Some of us reading this article may have been in debt at some point in our lives. It is a frightful, burdensome, overwhelming feeling that, without proper guidance, would leave you in a world of anxiety and despair.
This article is here to help you close out and block out all the noise. Tell that crazy monkey brain to put down his symbols because getting out of debt requires immense focus, discipline, and consistency. Being all of those things will allow you to accomplish this sometimes, it just takes a little time.
Where to Start
I will use the average United States citizen for my following example. The average personal debt, excluding the mortgage, is $21,800. The average American carries a credit card balance of $8000 per month. For those of you who are on the fence about Dave Ramsey, this is why he has become such a powerful figure in the personal finance industry.
So, you have roughly $25-$30,000 in debt. Where do you start? Let’s start with your income. You need to make sure that you are working consistently, you have money coming in every month, and, like Dave says you need to take care of the necessities. You must ensure you have shelter, transportation, food, and water. From there, we need to figure out how much is going to these debt collectors every month. This is because if you are going backward and barely making ends meet, you need to figure out ways to make more money. Whether that’s a side hustle, asking for a raise, or moving jobs, you must find a way to start going into the green each month.
From there, we can now take a look at the extra money that you have each month on a consistent basis. After you complete baby step one, which is to secure $1,000 in a savings account, we start to focus with Impala-like intensity to get out from under this burden. The focus must be directly centered on getting out of this debt. Dave likes to say rice and beans until it’s accomplished, but I like to say just rice.
Day by Day
This is where the focus, the discipline, and the consistency come in. All discretionary spending should be at the front of your mind during this period – do I need this? Additionally, we should consider pausing all retirement contributions, including your 401(k) at work and your “for fun” investment account. The reason for this is opportunity cost, which is something to discuss.
Depending on your interest rate, some might argue there will be opportunity costs from investing that money in the market. For example, if you have a 3% interest rate on a car, you could invest that same amount of money in the stock market and potentially make 8%, then your opportunity cost is that potential 5%. However, what this doesn’t consider is that debt equals risk so it is always best to pay off the debt!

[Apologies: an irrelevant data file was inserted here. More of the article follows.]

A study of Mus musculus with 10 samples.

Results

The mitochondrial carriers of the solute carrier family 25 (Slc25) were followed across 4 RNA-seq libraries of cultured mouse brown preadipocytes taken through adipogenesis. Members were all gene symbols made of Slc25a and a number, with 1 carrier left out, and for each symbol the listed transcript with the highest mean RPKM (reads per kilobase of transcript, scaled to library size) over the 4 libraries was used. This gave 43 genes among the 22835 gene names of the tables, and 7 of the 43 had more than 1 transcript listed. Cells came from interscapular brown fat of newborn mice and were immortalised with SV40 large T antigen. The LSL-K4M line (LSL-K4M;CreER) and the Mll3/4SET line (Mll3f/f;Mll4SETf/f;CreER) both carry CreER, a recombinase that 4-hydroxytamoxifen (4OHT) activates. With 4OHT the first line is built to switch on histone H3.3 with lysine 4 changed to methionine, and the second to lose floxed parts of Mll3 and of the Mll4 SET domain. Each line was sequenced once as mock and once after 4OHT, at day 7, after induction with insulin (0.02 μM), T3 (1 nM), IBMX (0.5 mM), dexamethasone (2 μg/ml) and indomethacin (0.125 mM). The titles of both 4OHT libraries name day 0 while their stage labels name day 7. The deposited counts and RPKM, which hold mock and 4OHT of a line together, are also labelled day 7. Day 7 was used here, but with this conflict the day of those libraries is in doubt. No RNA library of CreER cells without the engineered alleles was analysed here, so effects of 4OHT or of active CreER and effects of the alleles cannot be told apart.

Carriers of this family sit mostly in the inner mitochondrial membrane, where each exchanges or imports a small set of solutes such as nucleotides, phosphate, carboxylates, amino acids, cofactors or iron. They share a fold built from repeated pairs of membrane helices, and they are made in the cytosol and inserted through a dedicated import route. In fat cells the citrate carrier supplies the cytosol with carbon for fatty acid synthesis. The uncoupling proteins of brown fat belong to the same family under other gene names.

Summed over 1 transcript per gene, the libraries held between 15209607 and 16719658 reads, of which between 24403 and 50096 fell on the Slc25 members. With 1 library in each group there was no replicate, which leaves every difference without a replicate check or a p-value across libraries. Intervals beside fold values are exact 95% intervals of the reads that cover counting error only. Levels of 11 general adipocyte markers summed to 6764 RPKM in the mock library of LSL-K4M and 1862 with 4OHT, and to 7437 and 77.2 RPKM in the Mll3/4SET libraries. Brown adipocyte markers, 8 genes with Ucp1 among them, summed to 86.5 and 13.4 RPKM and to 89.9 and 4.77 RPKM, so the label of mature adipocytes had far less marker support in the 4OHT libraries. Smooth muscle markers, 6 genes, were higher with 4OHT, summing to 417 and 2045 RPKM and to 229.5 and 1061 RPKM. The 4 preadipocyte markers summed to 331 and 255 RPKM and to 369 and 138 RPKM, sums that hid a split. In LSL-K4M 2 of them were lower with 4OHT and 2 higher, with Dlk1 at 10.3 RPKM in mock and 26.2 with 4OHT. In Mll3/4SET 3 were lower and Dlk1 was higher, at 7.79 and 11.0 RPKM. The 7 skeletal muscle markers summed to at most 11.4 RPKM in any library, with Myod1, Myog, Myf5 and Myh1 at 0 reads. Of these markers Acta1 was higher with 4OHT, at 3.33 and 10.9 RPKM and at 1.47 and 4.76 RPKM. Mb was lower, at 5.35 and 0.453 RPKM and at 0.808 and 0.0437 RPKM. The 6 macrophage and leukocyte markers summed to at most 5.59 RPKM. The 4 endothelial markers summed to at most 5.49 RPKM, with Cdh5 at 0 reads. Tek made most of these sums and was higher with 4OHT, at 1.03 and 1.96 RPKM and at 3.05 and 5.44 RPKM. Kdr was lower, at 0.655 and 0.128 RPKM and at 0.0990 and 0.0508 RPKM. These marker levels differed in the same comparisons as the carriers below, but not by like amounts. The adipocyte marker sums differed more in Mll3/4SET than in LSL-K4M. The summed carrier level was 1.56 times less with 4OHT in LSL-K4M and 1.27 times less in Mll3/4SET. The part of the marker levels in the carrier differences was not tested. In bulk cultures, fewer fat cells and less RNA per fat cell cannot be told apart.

In general, having debt means investing is not something to focus on because, without this debt, you could be allocating that entire debt payment to the market later on. This will reduce stress in your life and build patterns of discipline, which will translate into taking leaps and strides forward to accumulate more in retirement. That is why this is Baby Step Two. Nothing else should be focused on until that is complete.
Typically, the average person could take between one and five years with extreme focus on paying off their debts to get out of debt. Once that is done, it will feel like the greatest weight is off your shoulders, and you should celebrate such an extreme accomplishment that only the determined can do!
The next step is to keep following the plan. You could meet with a trusted financial advisor to implement the rest of Dave’s steps. From now on, through baby step seven, it is rather smooth sailing. Build an excellent team of financial planners, accountants, and estate planning attorneys around you to have the healthiest financial situation possible. Here at Whitaker Myers Wealth Managers, we can help you do just that.
By accomplishing the toughest task of getting out from under the debt, you have built an element of focus and discipline into your life that will catapult you into saving for an emergency fund, which is baby step three, and continuing or starting retirement contributions, which is baby step four. Your future depends on your attitudes, goals, and willingness to do hard things. So, lean into your challenge and welcome it with sheer grit, passion, and determination. You got this.